The Statuette and the Sculptor: an Allegory

 By Anonymous

The sculptor took a step back, admiring their creation, a beautiful marble statuette. With some final touches, it would certainly turn this work into an elegant masterpiece, admired by hundreds in the years to come. The sculptor sat beside their creation, watching over it with the utmost pride radiating off of them. Visitors from around the world would travel to catch a glimpse of the statuette in person, complimenting the sculptor on their astonishing talents. The sculptor was beyond content like a small child marveling at the Christmas presents under the tree. They were sure this feeling would never wash away.

As the years passed the sculptor grew weary of constantly tending to their statuette, the exhaustion taking a toll on their once cheery demeanor. Once or twice in those excruciating years, the sculptor neglected to care for the statuette, pieces of the marble hardening into near stone. More and more their focus dwindled from their creation, their precious statuette left fading away by her creator. Yet there were no repercussions to this. She slowly became nothing more than an old project, a dusty thought in the back of their mind.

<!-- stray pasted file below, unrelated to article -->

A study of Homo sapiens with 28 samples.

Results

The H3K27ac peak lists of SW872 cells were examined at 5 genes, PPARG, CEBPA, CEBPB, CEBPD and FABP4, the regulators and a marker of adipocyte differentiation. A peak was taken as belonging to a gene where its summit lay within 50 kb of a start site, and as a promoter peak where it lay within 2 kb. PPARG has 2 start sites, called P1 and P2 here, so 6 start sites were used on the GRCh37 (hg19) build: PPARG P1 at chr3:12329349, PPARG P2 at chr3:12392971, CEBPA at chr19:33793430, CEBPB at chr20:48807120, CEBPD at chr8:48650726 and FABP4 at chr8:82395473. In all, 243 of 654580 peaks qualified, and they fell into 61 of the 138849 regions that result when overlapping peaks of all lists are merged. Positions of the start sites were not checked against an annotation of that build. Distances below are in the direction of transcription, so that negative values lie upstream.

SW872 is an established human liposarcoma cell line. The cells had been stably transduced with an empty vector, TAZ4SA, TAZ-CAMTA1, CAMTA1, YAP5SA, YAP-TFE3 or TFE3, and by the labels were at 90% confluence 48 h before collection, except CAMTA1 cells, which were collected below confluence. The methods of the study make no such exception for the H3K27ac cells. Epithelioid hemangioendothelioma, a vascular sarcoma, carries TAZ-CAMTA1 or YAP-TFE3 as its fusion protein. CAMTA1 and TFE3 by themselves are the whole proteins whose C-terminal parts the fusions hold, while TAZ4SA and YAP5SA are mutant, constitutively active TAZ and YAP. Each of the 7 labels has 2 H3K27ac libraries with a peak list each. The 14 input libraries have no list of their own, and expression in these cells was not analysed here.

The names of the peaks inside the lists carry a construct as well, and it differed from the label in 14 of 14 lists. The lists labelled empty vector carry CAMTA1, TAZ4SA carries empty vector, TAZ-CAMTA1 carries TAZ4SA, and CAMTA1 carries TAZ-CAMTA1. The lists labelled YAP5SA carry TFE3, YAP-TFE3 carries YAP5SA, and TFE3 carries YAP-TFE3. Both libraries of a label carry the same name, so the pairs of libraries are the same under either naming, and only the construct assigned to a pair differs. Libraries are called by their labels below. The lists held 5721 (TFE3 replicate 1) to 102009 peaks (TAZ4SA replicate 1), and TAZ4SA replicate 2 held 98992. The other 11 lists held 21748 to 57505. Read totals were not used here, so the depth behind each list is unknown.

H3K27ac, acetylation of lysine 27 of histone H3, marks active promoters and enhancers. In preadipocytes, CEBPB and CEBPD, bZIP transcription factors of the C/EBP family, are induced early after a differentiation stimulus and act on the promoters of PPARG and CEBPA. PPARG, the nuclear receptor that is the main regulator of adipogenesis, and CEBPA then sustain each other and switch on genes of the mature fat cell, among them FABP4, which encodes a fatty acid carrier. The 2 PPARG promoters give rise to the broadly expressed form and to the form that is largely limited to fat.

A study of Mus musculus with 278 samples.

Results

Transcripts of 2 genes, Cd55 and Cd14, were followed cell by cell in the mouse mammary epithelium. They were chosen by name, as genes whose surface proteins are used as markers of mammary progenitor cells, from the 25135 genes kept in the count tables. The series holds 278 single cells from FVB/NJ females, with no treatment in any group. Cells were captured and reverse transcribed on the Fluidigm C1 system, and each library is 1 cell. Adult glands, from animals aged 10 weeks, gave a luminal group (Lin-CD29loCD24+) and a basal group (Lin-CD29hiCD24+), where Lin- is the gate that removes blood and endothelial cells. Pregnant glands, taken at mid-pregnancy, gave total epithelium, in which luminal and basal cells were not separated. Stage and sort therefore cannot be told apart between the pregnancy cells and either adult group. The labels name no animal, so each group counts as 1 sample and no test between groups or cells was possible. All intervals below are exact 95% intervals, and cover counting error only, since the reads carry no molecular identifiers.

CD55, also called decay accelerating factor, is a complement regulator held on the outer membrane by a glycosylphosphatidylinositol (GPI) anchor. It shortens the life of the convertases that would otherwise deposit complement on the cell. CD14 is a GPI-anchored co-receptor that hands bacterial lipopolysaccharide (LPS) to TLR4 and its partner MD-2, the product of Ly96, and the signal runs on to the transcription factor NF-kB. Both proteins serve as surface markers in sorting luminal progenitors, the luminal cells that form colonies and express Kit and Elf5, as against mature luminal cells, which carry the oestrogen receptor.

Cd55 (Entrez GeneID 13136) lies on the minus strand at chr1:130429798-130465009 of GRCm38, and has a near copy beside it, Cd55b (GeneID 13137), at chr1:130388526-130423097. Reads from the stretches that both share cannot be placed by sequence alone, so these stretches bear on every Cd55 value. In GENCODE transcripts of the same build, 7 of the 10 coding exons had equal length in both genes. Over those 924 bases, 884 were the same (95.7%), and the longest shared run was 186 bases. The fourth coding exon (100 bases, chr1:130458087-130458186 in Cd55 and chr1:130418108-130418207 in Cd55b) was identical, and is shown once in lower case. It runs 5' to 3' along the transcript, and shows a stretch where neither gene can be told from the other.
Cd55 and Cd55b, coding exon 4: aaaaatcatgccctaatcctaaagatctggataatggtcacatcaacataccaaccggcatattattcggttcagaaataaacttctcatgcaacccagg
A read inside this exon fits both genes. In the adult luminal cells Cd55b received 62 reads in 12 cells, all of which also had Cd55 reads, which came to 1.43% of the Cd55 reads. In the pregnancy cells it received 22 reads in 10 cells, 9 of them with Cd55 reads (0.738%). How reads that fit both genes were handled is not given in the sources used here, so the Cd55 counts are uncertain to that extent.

Visitors began to subside as the statuette and sculptor grew in age, chalking it up as a background object rather than the anticipated attraction it once was in life. The sculptor was mightily disgruntled with this shift, looking over at the statuette and wondering when it lost its attraction. Was it the cracks scarred along its once dazzling marble stone? Or the chipped pieces? Or was it how it lost its original smooth feel and instead had been replaced with a harsh, displeasing texture, like nails on a chalkboard? How had this come to be? The sculptor pondered to themselves, exploring the gallery of their mind and the paintings of memories to try and find the answer. They ran their bony, ghostlike fingers over the statuettes' scars. Had they done this? The sculptor could hardly remember. It seemed so natural at the time. How could they have done something like this and not even remember? The guilt in their eyes shimmered upon the decaying statuette, the scars and chips in the stone, the vines and bugs encasing it; it was the sculptor's fault, and they didn’t even know.